Yesterday, I finished the first draft of HOW TO LOSE BIG. It was a good feeling. I've worked on a lot of proposals lately, but many were just a synopsis, chapter one script, and some art. I decided to script this one from beginning to end, to stay sharp as a writer. I'm glad I did so.
Now comes the next stage, which is editing. However, it's important to clarify that the editing process begins the moment I start writing. I can't really separate the two. Some writers have a more polished first draft than others, then everything after that is fine tuning. Some writers have a loose first draft and then slave away during the second and third re-writes. Anytime you add, delete, or modify something you wrote, you're editing. Thus, the adage: "editing is writing." The creative process is as much about the pencil point as it is about the eraser on the other end. Creative choice involves mental editing before you type the words on the keyboard.
All the same, one hopes that at the beginning you focus most of your energy on production and move gradually into a focus of refinement. It would be hard to make refinement your priority on day one.
My first draft. For me, it's hard to write with a blind eye to changes that could be made to something I wrote a paragraph before. I constantly re-read while I'm writing. It's bad and slows down everything. If you had control over your process, I wouldn't recommend doing it this way. Like an injury that never healed, I've learned how to function normally with it. What am I looking for? Clarity of thought, of course. Would someone understand what I'm trying to say? I look for a logical progression of ideas. I look for stupid mistakes (missing words, misspellings, etc). I try to delete needless propositions attached to the end of verbs, dead adverbs and adjectives. Also, word repetition bugs the hell out of me. Some repetition is to establish a particular cadence (notice earlier in this paragraph I began two consecutive sentences with "I look"). Otherwise, it's annoying. It's one of those writing curses I feel particularly afflicted by. After I stumble through a first draft, I use the Streamline plugin on my Screenwriter program. I'm not all that concerned with making the script a few lines shorter, but Streamline can give some basic suggestions for removing clutter.
Removal of clutter equals increased clarity and readability, which is all I care about. Maybe this is why I'm worried about starting my novel? I've never fixated too much on pretty prose or clever compositions (notice my ironic attempt at alliteration?). I only want the story to shine through.
After Streamline, I use that glorious Find function available on any word processor. I search for these words: "that" "so" "just" "very" "however" "stuff" and the phrase "it is," and attempt to eliminate them as much as possible. Why? These are the overused words that sneak into my writing and weigh it down. I'm sure there are other words to add to the list. For instance, my dependency on be verbs worries me a bit. I come from the William Zinsser school of writing. ON WRITING WELL is required reading in my Creative Writing class.
My second draft. I print the script, put it in a binder, and ignore it for a month or so. I need to approach my second draft with a fresh pair of eyes, time helps and so does moving it from the screen to the printed page. I'm not ready for someone else to edit it, unless they are the artist. They get to see everything throughout. With this draft, I grab a pencil and mark the script with notes. What am I looking for? Everything. However, I give special attention to improving overall narrative flow, character voice, tone, important visuals, and trying to keep the theme as subtle and nuanced as possible. (I'll admit HOW TO LOSE BIG feels too heavy handed in its message. That won't last.) Theme should only be for the smart readers who pay attention. I mean, it's there, but if the author's message or agenda is too obvious -- your bones are showing. It can feel preachy and spoil a good story. Anyone remember Star Wars Episode III? George Lucas, we get it. Once finished, I take my binder and commit the notes to my original script file on the computer.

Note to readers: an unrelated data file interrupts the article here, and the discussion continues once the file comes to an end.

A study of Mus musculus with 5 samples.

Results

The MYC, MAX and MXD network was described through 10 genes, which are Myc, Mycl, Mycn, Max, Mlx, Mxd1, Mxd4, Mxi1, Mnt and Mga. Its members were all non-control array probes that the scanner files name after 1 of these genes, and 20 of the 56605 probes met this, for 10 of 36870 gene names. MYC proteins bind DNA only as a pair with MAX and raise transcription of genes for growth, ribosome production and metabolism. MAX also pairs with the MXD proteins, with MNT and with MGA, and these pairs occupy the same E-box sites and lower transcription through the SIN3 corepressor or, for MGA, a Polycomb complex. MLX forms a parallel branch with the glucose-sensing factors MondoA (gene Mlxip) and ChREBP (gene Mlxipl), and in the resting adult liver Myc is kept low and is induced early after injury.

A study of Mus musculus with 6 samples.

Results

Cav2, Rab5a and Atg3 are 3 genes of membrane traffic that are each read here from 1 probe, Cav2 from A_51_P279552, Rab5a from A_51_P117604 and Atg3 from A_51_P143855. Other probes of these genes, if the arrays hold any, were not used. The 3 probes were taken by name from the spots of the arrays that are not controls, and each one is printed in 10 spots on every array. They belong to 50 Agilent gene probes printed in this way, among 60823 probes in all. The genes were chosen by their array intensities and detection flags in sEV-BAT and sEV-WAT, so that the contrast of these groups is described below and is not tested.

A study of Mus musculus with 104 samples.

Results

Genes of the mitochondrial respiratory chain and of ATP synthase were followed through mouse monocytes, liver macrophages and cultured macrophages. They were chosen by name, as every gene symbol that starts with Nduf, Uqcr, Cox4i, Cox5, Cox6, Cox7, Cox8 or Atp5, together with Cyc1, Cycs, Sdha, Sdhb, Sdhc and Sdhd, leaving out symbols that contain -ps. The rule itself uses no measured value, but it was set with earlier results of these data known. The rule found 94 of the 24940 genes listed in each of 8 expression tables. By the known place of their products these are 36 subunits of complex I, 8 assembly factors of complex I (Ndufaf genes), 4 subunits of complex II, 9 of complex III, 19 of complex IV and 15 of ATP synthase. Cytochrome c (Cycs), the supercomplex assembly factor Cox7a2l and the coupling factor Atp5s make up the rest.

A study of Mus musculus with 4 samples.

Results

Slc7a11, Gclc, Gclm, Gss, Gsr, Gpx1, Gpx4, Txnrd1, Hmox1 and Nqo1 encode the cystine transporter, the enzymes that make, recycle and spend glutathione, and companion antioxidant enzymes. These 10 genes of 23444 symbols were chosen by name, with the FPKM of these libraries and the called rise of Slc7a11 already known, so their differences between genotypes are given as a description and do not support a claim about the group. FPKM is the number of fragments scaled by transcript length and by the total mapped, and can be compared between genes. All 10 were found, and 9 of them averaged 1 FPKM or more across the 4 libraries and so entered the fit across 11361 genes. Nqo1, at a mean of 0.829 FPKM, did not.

My third draft. I pass the script to a writer I trust for another perspective. Bribery and favors are sometimes employed to get them to read it. I cannot stress how important is is to get a writer I trust. Editing is not only about accepting feedback, but also knowing whose feedback to take. Some writers pass their script to other people too early in the process. I want to get story as good as possible before I let others tell me what needs to be changed. At his point, I'm not expecting major changes. If so, I missed something in my second draft. I'm testing to see what worked and what didn't -- and I come with specific questions.
Production. The last stage in editing is while the artist illustrates the comic. Sometimes, things that worked in the script don't work on the page like we expected. Other times, an artist makes some discovers that we want to further develop. The dialogue might be redundant if the visuals communicate better without a word balloon crowding the panel. This collaborative aspect of comics can be the most fun, if you're working with a good artist.
Any creative act (and editing is a creative act) involves knowing when to stop. I limit my fussing to these four steps. It's then time to move on and write something else.